The Mysterious World of Food Allergies

By: Dr. Carly Wendler peanuts 250

It seems like everywhere you look you hear about food allergies, food sensitivities, or food intolerances and their role in overall health and wellness. There is lots of information out there and at times it can be both confusing and overwhelming to know whether you are actually dealing with a food issue, how and where to get it diagnosed, and what to do about the results. This article is meant to help guide you through the mysterious world of food allergies.

What is the difference between a food allergy, food intolerance, and food sensitivity?

When the term allergy was first coined in ancient times it was defined simply as an ‘altered reactivity’. It meant an allergy was an adverse response to a substance by one person but not by most people. Moving centuries forward into the early 1920’s, European and American allergists redefined and narrowed the definition of the term allergy to mean an ‘immunological reaction that is measurable and detectable in the blood,’ usually showing an IgE allergen-antibody response. This redefinition severely limits what can now medically be recognized and diagnosed by medical doctors and allergists as an allergy. In order to now be diagnosed with a food allergy you must show a measurable immune system reaction with an IgE response.

A food intolerance is any other food reaction in which the immune system is not measurably involved.

A food sensitivity is an umbrella term used to cover a food allergy, food intolerance, or any other adverse reaction to food.

What are the symptoms and signs of a food allergy or sensitivity?

Even though these terms are defined in different ways the symptom presentation can look similar or even identical. Food allergies or intolerances are often only associated with digestive or tummy troubles (like, gas, bloating, pain, or diarrhea), but symptoms can occur anywhere in your body, not just in your digestive system. But symptoms unrelated to food including headaches and migraines, eczema and skin rashes, and weight gain can also be indicative of food issues and for this reason often times your food allergies or sensitivities remain undiagnosed for years. Other symptoms that can indicate a food reaction include: constant runny nose, watery eyes, recurrent ear infections, fatigue, low stamina, itchy ears or throat, puffy face and eyes and infertility. The bottom line is: a food allergy and intolerance can cause the same type of symptoms regardless of their definition.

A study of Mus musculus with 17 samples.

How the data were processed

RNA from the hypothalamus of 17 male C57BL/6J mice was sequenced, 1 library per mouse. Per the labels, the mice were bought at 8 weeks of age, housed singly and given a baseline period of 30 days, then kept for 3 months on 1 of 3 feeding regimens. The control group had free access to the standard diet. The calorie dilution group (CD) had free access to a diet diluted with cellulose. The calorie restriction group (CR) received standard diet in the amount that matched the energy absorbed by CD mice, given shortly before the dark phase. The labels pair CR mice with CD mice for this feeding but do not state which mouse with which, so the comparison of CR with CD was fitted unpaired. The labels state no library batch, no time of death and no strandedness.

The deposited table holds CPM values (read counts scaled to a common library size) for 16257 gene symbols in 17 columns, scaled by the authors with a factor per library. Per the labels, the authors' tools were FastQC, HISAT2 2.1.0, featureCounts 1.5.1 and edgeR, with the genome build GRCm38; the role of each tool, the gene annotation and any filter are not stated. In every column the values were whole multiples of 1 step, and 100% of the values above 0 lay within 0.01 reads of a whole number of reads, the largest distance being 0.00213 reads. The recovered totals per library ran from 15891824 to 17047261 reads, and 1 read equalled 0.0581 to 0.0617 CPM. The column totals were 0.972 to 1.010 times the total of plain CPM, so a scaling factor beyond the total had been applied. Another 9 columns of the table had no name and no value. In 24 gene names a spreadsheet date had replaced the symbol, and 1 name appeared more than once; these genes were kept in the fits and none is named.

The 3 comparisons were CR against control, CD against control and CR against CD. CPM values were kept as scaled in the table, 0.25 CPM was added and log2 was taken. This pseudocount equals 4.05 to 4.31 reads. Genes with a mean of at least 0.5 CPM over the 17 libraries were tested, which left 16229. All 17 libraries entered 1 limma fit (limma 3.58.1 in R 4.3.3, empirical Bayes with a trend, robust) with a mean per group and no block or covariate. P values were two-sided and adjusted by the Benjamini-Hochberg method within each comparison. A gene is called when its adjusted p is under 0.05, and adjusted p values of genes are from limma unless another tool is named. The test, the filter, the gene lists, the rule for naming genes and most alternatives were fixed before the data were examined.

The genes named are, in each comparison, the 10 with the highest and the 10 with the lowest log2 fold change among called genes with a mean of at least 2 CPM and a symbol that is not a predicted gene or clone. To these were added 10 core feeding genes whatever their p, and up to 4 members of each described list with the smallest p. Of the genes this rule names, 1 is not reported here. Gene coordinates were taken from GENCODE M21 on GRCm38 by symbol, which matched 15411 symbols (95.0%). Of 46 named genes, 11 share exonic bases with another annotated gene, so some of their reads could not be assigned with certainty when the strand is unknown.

What happens during an allergic reaction? 

During an allergic reaction, your body identifies a food protein as foreign (i.e. the body mistakes it for a bacteria, virus, or fungus), and tries to remove it through various symptoms like diarrhea, sneezing, skin rash, and runny nose. Foods that most commonly cause food reactions include: wheat, dairy, corn, soy, sugar, chocolate, eggs, and nuts.

Are there different types of food allergy?

The first type is the classic IgE anaphylactic reaction. This reaction takes place immediately, usually within minutes to hours, after eating the offending food. The symptoms may include difficulty breathing, a sensation of choking, swelling of the face, lips, or in the mouth. This allergy requires immediate emergency care or an epi-pen. Shellfish and peanuts are the most common foods causing this type of food allergy.

The second type of allergy is called a delayed onset allergy. This type of reaction can cause symptoms up to 3-5 days after eating the problematic food, making it difficult to properly diagnose. Symptoms may include headaches, migraines, watery eyes, stuffy nose, sinus congestion, itchy eyes, ears, and throat, gas, bloating, water retention, diarrhea, low energy, and fatigue.

How do I know which type of food allergy I have?

Immediate food reactions are detected through blood work ordered by your family doctor or allergist. S/he will order a test to measure IgE levels. Delayed food reactions are also diagnosed using blood work, but this requires a test to measure IgG levels (now you can see where some of the confusion comes from!). IgG tests are not routinely available through medical doctors, however, many naturopathic doctors and some pharmacies now offer this option.

What can cause a food allergy or intolerance?

There are many potential causes of allergic reactions and a thoroughly review of your health history is important in helping to sort out the underlying causes of your food reactions. Potential causes for food reactions include: an overactive immune system, lack of stomach acid (frequently seen with long term use of reflux medication), a damaged intestinal lining, insufficient good gut bacteria, and chronic, low grade infections.

How do I treat food allergies or intolerances?

First you need to identify the triggering foods either using blood work or an elimination and rechallenge diet (this is where you take out the food(s) for a time, and reintroduce to see if there is a negative reaction). Secondly, you need to identify and address the other, if any, underlying factors involved in your food reactions. Often times supplementation with HCl, enzymes, and other gut supporting herbs are required for poor digestive function; herbal medicine is indicated for chronic infections or immune system involvement, and probiotics are always a good idea for infants, children, or adults with suspected food reactions.
Dr. Carly Wendler’s clinical expertise lies in maternal and pediatric medicine. She brings to her practice and educational workshops over six years of clinical experience, an evidenced-based approach, and a passion for helping families get and stay healthy. For more information on pregnancy, birth, post partum, and infant health visit www.drcarlywendler.com.